From Abraham Lincoln to Barack Obama, lawyers have long been associated with elected office in the United States. In fact, since this country’s Independence, more than half of all presidents, vice presidents and members of Congress have come from a law background. Yet, in a recent article in the Harvard Law School Center on the Legal Profession’s digital magazine The Practice titled “Declining Dominance: Lawyers in the US Congress,” Nick Robinson, a Center resident fellow, showed that lawyers’ once unquestioned supremacy in federal elected office is in a slow but steady retreat.
In the mid-19th century, around 80% of members of the U.S. Congress were lawyers. By the 1960s, this number had dropped to about 60%. Today, just under 40% of members of the U.S. Congress are lawyers. The presidency has witnessed a similar pattern. While about 60% of all U.S. presidents since Independence have been lawyers, just four of the last 10 presidents have been lawyers.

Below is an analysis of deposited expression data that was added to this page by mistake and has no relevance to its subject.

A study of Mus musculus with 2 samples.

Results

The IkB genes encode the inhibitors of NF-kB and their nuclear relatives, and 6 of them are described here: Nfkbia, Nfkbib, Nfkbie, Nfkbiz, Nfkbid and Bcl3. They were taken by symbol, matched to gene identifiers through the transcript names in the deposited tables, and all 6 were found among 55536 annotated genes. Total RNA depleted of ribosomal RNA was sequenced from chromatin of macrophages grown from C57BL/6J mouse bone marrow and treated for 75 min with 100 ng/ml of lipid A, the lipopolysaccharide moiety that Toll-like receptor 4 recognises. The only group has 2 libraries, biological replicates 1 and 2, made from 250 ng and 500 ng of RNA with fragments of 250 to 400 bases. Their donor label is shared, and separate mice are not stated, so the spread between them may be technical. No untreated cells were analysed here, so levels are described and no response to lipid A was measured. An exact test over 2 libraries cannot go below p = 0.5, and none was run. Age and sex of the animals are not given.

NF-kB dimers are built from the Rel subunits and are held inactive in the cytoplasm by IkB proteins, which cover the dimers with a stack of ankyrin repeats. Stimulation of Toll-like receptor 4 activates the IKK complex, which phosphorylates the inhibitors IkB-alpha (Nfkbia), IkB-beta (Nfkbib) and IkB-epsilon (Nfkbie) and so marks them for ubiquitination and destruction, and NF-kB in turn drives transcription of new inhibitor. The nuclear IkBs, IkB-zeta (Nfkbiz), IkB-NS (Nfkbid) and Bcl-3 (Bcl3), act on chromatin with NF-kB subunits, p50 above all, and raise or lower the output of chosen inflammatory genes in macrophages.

Law may still be the major occupational background for our national leaders, but in general, lawyers’ electoral fortunes are waning. This does not necessarily mean lawyers’ political power is declining overall. For example, lawyers may still have a disproportionate role in lobbying, policymaking and civil society or as thought leaders.
Charting lawyers’ changing prominence in these areas would require separate studies. Nonetheless, it is clear there is a decline in the proportion of lawyers in Congress — and this has potentially wide-ranging ramifications for a legal profession that has long viewed representing Americans in elected office as central to its identity.